South African "Blade Runner" Oscar Pistorius has been charged with one count of murder at a court in Pretoria.
It follows the death of his girlfriend Reeva Steenkamp, who was found dead at the athlete's home in the early hours of yesterday morning.
The 26-year-old sat with his head bowed when he was brought before the court this morning and broke down in tears after being charged.
His father Henke, brother Carl and sister Aimee gathered in court to support the athlete.
Chief magistrate Desmond Nair told him: "Take it easy. Come take a seat."
The hearing came after a two-hour delay while Pistorius' lawyers objected to the scrum of local and international reporters packed into the courtroom.
A bail hearing is scheduled for next Tuesday and Wednesday, with police expected to oppose the application.
The hearing was adjourned and Pistorius will be held at a local police station until his next court appearance.
In a statement, the sportsman's agent said the athlete disputes the murder charge "in the strongest possible terms".
Ms Steenkamp's body was discovered at around 3am yesterday, after neighbours reported hearing screams and gun shots coming from the athlete's home.
South African media reported that the model was shot four times through a bathroom door at Pistorius' home.
A 9mm pistol was recovered from his two-storey house in the middle of a heavily guarded gated complex in the northern outskirts of the South African capital.
He was held overnight at Pretoria's Boschkop police station after undergoing medical and forensic examinations.
The arrest of the Olympic and Paralympic athlete stunned a nation that reveres him as a hero, who triumphed over adversity to compete with able-bodied athletes at the highest levels of sport.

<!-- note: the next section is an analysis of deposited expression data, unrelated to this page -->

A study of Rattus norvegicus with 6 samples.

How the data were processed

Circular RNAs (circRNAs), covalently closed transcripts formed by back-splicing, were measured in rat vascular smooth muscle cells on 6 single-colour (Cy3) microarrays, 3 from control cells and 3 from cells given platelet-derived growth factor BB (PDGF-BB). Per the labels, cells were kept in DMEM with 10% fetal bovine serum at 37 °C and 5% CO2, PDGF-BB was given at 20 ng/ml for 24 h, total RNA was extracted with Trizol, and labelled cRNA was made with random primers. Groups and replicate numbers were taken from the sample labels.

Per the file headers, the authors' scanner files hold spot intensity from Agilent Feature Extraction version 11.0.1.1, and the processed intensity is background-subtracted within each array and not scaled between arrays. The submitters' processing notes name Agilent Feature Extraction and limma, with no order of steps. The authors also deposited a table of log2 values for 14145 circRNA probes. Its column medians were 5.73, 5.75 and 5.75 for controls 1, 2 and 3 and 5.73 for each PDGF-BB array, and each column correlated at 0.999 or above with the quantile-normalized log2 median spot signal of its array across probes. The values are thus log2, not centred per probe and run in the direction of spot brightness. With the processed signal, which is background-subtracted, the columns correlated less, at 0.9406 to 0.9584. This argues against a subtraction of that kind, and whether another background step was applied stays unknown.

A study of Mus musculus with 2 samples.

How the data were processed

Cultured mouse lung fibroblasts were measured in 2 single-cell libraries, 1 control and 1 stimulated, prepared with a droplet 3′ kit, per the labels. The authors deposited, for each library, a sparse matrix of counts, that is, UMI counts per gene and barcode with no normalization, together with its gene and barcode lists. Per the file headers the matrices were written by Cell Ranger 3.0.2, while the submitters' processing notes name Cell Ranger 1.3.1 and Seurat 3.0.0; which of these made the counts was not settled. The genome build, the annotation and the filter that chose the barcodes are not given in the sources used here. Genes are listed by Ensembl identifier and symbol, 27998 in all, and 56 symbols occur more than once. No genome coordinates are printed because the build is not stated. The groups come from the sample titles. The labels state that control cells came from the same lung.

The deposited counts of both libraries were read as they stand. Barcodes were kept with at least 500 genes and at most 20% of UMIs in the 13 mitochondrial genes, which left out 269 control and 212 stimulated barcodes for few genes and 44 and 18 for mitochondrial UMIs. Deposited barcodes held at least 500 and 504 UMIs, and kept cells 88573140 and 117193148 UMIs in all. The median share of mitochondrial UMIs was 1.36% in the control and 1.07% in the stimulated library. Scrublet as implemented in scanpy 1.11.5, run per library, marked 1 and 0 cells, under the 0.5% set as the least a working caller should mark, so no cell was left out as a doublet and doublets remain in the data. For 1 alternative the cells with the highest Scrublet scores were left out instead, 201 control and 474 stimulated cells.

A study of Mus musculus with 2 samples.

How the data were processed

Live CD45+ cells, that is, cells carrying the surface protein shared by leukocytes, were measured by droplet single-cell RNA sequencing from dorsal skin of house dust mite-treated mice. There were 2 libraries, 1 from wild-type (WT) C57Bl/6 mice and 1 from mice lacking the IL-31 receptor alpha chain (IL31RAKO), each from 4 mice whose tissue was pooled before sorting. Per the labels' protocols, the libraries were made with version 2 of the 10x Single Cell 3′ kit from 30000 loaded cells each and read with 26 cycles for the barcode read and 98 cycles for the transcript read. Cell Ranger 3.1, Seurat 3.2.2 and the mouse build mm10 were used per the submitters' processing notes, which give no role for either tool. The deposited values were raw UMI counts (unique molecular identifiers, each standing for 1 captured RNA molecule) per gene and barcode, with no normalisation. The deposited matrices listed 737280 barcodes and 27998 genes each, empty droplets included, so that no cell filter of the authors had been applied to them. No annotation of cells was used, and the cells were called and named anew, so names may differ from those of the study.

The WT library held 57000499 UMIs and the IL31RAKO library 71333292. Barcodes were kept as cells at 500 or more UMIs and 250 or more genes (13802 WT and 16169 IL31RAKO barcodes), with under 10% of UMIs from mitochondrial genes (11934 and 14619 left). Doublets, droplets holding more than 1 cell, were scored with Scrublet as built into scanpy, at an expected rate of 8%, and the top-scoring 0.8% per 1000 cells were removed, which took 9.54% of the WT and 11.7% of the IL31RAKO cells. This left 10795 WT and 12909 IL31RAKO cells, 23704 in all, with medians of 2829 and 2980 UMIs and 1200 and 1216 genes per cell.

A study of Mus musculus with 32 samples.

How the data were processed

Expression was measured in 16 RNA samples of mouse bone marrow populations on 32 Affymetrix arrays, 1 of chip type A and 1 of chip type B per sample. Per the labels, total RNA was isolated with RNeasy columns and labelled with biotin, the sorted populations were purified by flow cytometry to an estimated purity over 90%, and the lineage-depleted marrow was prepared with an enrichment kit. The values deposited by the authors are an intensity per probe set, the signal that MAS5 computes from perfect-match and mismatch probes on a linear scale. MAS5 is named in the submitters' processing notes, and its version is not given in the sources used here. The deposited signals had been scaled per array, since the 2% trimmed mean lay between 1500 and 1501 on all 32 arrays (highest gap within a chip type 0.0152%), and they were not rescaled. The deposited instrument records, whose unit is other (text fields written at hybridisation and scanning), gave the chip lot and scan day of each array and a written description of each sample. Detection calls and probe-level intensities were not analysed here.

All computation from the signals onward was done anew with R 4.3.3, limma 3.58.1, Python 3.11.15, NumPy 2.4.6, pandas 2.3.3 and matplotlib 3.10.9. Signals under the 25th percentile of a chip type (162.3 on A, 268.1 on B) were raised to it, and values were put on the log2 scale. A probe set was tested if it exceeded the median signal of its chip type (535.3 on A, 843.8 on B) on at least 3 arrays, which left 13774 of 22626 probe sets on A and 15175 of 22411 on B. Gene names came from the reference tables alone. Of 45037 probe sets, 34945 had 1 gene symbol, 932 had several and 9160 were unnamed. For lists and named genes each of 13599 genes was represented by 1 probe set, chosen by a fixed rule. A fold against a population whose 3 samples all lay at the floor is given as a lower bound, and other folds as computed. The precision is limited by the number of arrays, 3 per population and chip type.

Shock in South Africa
Initial reports suggested he may have mistaken Ms Steenkamp for an intruder, but police said there had been previous "domestic" incidents at the house.
South African newspapers plastered the killing across their front pages, relegating a State of the Nation address by President Jacob Zuma in parliament to a distant second.
The coverage reflected shock and dismay at the fall of a sporting hero who commanded rare respect on all sides of South Africa's racial divides.
"Golden Boy Loses Shine" ran a front page headline in the Sowetan, beside a picture of Pistorius, head bowed in a grey hooded tracksuit being led away from a police station.
Callers to morning radio shows expressed shock at the death of Ms Steenkamp, who had been due to give a talk at a Johannesburg school this week about violence against women.
Pistorius, who was born without a fibula in both legs, was the first double amputee to run in the Olympics and reached the 400-metres semi-finals in London 2012.
He had become one of the biggest names in world athletics.